But then one wouldn’t be a bartender, because behind the plank an evening can turn on a dime and that dime had just rolled in the front door in the form of a man in a golf shirt and a woman in a pair of $300 jeans.
Mr. Golf paced behind the seated few like a caged lion. Walking with angry intent is always comical — at a distance. That distance disappeared as soon he pushed in between one of the couples who were mid-conversation.
Important to note: If ordering at a busy bar with no seats available, try to order between two people who are not together. It seems like common sense, but if it were I wouldn’t be putting it in print.
I tried to get Mr. Golf to move over by gesturing first with my head, then with my arm and then by placing myself physically in the space not between the couple. He didn’t move. You can lead a horse to water, but you certainly can’t make him drink.
“Excuse me,” said the female part of the conversing couple.
“What?” asked Mr. Golf.
“We are trying to have a conversation here,” she said, well within her rights.
“Well, I’m trying to get a drink.”
He looked at me, then at her and after a pause reluctantly moved to the space between two people who didn’t know each other.
“I hate these people around here,” he said to me, but clearly about her.
For the next 15 minutes, he and Ms. Jeans badgered the seated people about whether they were leaving and when they intended to leave. Failing in that endeavor, they then they badgered me about when those same seated people were leaving.
“I guess when they are done,” I said, not really helping.
They stood behind the seated people and glowered ineffectually at them, all the while making comments about “these people around here.”
“Are you almost finished?” Mr. Golf asked one of the two solo beer drinkers.
“You can’t bother the people sitting,” I said finally.
After which some of the barely audible snideness became about me. I guessed that I was now one of “those” people.
Eventually, one of the seated couples rose to leave. The two pushed in so close that the leaving couple couldn’t physically get out of their seats. There was an uncomfortable pause while the two couples faced each other less than amicably. Finally, Mr. Golf took a half step backward while Ms. Jeans took a half step forward, plunking her enormous purse onto the dirty napkins and postprandial discards of the previous couple. The departing couple had to edge out sideways, by which time the two were shoving all the dirty dishes forward in my direction.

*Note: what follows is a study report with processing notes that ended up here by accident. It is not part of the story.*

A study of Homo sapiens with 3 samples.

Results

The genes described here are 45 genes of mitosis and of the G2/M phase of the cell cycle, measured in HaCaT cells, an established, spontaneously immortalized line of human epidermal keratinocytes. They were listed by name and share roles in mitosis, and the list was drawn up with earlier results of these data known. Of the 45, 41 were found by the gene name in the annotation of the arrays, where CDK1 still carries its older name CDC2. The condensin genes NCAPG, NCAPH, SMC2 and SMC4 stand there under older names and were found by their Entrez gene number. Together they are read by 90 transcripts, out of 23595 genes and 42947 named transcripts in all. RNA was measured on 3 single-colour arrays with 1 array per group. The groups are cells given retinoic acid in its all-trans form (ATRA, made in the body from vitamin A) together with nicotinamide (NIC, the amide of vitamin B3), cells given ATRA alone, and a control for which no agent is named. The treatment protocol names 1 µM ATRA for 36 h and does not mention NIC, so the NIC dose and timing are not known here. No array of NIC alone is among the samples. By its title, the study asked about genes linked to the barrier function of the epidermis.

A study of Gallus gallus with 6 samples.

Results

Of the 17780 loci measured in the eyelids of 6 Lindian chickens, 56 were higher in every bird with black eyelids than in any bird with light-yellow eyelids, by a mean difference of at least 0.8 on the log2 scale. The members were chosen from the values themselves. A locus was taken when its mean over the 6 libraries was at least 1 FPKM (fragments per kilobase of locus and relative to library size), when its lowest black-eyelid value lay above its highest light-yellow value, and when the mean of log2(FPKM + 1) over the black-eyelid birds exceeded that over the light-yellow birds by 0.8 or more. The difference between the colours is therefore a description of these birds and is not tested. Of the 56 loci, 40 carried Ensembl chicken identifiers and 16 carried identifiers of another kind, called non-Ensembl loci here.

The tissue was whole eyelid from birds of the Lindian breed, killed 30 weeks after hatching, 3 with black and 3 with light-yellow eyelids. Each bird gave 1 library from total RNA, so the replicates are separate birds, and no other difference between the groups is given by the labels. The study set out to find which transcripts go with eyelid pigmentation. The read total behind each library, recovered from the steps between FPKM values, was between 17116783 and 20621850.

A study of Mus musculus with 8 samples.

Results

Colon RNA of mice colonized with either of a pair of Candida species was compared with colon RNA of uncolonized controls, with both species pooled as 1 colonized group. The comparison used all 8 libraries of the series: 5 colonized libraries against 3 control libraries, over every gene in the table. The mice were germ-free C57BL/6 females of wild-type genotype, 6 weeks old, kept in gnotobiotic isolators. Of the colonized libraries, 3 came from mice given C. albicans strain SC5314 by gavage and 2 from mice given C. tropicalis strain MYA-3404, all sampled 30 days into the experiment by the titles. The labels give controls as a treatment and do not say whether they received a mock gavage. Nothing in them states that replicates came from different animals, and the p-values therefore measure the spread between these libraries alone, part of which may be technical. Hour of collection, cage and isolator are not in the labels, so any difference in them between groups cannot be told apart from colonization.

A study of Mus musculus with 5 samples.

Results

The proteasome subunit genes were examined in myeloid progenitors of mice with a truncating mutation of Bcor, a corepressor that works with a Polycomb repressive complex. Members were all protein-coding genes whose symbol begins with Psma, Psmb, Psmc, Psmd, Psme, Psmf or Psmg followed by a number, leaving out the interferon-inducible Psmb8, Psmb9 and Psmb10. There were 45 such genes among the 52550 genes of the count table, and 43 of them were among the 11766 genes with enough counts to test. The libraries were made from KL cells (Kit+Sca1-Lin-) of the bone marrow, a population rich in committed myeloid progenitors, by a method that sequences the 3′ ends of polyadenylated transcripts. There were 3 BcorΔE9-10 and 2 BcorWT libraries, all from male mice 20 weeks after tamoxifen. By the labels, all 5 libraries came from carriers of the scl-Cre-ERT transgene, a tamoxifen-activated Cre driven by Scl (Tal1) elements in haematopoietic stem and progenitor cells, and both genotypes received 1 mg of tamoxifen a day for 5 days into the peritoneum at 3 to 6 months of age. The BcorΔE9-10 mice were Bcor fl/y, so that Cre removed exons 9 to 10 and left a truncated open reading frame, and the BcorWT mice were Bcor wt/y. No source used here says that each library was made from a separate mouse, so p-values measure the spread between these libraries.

“Finally,” Ms. Jeans said.
“These people around here …” Mr. Golf said, shaking his head.
“What people do you mean?” I asked, ever the contrarian.
“You know. The entitled ones.”
That comment resonated in my head for the next two hours as they demanded more and more and more, never once considering anyone else at all. It was all about them, all of the time. In the end, I wondered if they even knew what the word “entitled” meant, because they certainly knew the behavior.
The comic strip Pogo was famous for the saying, “We have met the enemy and they are us.” But in the case of one impatient couple I would put it this simply: Sir and Madam, YOU are those people.
Gandhi was right: “If we could change ourselves, the tendencies in the world would also change. As a man changes his own nature, so does the attitude of the world change toward him.”